Whole Hog

The whole hog is a cook that your family and friends will never forget! Whole hog can be special ordered from your local butcher or obtained from your local hog farmer. You can expect to pay anywhere between $1-$1.79 per pound. For this cook I choose a 120lb hog that would easily feed 70 or 80 guests.

This is a unique recipe to prepare a whole hog that turns out excellent results every time. Normally whole hogs are cooked quickly 6-12 hours over direct heat. The hogs used for this type of cook is prepared with the skin still on the pig. However, I prefer to cook the hog almost like an enormous pork shoulder for 15-18 hours. Therefore, I request my butcher remove the skin and fat from the hog. Cooking the hog without the skin has two benefits. 1. I am able to apply rub to the entire surface area of meat for added flavor. 2. The pig will take in more of the smoke I use. For this cook I choose a 120lb whole hog and cooked it on the 30X96 Mobile Unit from Peoria Custom Cookers.

I picked up my hog from the butcher 12 hours before I was planning on cooking and needed a way to keep it cold. I placed the pig in a kiddy pool covered it ice and then put a tarp over the top. This method easily keep the pig very cold Since I was planning on serving the Whole Hog on Sunday afternoon I fired up the pit at 5pm Saturday afternoon. I light two full chimneys of charcoal and added 3 logs of hickory and apple wood. While the 30X96 Mobile unit was coming to temp I prepared the whole hog. I let the pit warm to 250 degrees while I rubbed the the whole hog. I choose to put a moderate amount of the rub directly on the meat. Also, at this point you could inject the hog with your favorite apple juice based recipes. Once I finished rubbing the hog I let it rest at room temperature for 1 hour.

At 6pm the Peoria Custom Cooker 30X96 Mobile Unit was right at 250 degrees and it was time to put the Hog on the cooker. I removed the top to grates on side of the 30X96 unit a placed the hog on the lowest grate. This cooker could easily hold two 120lb hogs. Over the next several hours I added several more logs of hickory and apple and about 48 ounces of a mixed hardwood sawdust.

To make sure I would get a good night sleep I set up my Maverick ET-73 wireless thermometer. This thermometer has two probes and monitors the temperature of the pit and the internal temp of the meat. This unit also has high and low alarms. I set the alarms to go off if the temp in the pit rose above 250 degrees or if the temp dropped below 200 degrees. I placed the wireless thermometer on my night stand and fell asleep.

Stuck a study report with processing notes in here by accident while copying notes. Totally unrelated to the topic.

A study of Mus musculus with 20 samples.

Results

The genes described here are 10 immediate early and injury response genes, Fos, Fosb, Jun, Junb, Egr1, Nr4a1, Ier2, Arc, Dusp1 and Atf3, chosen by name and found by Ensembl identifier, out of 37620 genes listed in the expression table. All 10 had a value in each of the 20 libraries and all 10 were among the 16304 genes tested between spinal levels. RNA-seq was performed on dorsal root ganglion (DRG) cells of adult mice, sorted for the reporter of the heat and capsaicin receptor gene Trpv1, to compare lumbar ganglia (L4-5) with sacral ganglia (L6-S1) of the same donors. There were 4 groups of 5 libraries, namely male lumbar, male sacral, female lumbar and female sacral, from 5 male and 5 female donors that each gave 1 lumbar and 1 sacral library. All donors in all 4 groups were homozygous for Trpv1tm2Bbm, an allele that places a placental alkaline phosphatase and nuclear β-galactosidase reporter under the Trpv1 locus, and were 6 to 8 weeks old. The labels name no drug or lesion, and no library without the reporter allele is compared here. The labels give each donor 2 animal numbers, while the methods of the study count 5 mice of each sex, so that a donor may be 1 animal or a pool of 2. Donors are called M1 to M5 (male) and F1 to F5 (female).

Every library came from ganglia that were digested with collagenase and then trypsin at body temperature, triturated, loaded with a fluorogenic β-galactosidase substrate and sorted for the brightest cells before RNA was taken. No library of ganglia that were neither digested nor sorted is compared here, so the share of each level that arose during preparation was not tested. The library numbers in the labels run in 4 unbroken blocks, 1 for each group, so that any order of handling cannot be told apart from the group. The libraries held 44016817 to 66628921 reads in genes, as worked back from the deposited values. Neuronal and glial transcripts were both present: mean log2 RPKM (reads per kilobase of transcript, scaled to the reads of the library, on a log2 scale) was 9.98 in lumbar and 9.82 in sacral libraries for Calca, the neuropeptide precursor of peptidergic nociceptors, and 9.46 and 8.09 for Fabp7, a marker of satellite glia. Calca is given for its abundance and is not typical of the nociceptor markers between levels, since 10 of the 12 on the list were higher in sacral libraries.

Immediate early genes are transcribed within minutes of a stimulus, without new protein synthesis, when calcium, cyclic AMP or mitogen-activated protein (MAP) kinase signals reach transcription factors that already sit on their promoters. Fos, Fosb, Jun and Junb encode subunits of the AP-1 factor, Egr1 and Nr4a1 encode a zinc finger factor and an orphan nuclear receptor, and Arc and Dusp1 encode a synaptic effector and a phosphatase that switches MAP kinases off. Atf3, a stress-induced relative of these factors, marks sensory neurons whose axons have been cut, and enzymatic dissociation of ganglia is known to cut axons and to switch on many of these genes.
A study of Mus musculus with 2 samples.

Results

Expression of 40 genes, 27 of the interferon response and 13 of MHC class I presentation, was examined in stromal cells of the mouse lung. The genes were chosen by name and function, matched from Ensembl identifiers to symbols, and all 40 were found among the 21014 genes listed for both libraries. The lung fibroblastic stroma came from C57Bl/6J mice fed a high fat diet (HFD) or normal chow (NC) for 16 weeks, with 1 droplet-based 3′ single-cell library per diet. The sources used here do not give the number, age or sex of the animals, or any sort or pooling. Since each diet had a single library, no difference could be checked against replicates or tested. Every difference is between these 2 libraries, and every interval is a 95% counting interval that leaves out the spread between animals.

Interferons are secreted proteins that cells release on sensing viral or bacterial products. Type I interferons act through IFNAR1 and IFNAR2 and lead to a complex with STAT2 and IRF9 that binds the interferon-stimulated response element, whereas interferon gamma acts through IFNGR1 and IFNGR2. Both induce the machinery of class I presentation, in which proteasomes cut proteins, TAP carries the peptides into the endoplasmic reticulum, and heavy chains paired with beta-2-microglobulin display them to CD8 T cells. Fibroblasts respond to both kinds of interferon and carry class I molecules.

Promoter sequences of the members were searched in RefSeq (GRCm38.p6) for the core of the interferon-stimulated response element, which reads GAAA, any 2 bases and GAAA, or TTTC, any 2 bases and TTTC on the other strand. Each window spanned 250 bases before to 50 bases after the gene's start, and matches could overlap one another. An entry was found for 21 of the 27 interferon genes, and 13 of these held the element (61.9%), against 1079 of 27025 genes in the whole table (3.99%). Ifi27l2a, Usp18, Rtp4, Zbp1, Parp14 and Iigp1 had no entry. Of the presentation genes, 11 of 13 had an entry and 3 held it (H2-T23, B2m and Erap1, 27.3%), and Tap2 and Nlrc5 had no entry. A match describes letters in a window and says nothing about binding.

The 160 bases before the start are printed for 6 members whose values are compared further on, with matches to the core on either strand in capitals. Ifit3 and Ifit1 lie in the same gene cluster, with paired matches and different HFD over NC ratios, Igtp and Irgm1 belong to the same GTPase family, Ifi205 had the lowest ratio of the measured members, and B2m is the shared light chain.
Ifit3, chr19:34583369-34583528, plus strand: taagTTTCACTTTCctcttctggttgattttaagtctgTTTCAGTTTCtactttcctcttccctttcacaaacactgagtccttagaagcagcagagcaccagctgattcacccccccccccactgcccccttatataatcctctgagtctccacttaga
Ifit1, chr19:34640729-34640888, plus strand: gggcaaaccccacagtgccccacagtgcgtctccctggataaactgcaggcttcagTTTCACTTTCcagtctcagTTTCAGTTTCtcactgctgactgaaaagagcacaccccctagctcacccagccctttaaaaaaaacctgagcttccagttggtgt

Around 3:30 am the temperature in the pit fell to 200 degrees and my wireless alarm went off and woke me up. I went downstairs and added another full load of unlit charcoal, a hickory log, and was back asleep by 3am. Again at 7:30am the alarm sounded as the temps had dropped to 200 degrees. This time however I did not add any fuel. I simply stirred the coals to remove any ash and the temperature shot right back up to around 225 degrees.

Around 8:30am my hog had reached 170 degrees internal temperature. I measured the temperature of the hog in the deepest part of the ham. The hog had hit a plateau at 170 degrees and the temps started to rise very, very, slowly. This is the time when the fat and connective tissues is rendering off and will allow to be fork tender and juicy when finished.

At 1 pm the internal temp of the hog was 178 degrees and had been cooking for just about 18 hours. Since I did not want the loin to shred like a pork shoulder I placed foil around the mid section of the hog to slow down the cooking process and left the hams and shoulders exposed to the heat. By 4pm the temperature of the loin was 180 degrees and the hams and shoulders were 188 degrees.

Time to Eat!
Finally at 5 pm it was time to eat. Using a sharp knife I shred cut out the loins, ribs, and bacon and sliced or chunked up the meat. The hams and shoulders I used a tool called bear paws to easily shred the pork. I then added rub and a vinegar based bbq sauce to the shredded pork and mixed it up. I served the pork with my favorite vinegar based sauce Georges as well as my favorite red sauce head country. All of my guests enjoyed the hog. The meat was extremely moist and flavorful since I was able to rub the entire pig with rub. It had a thick bark, was plenty moist, and very very flavorful.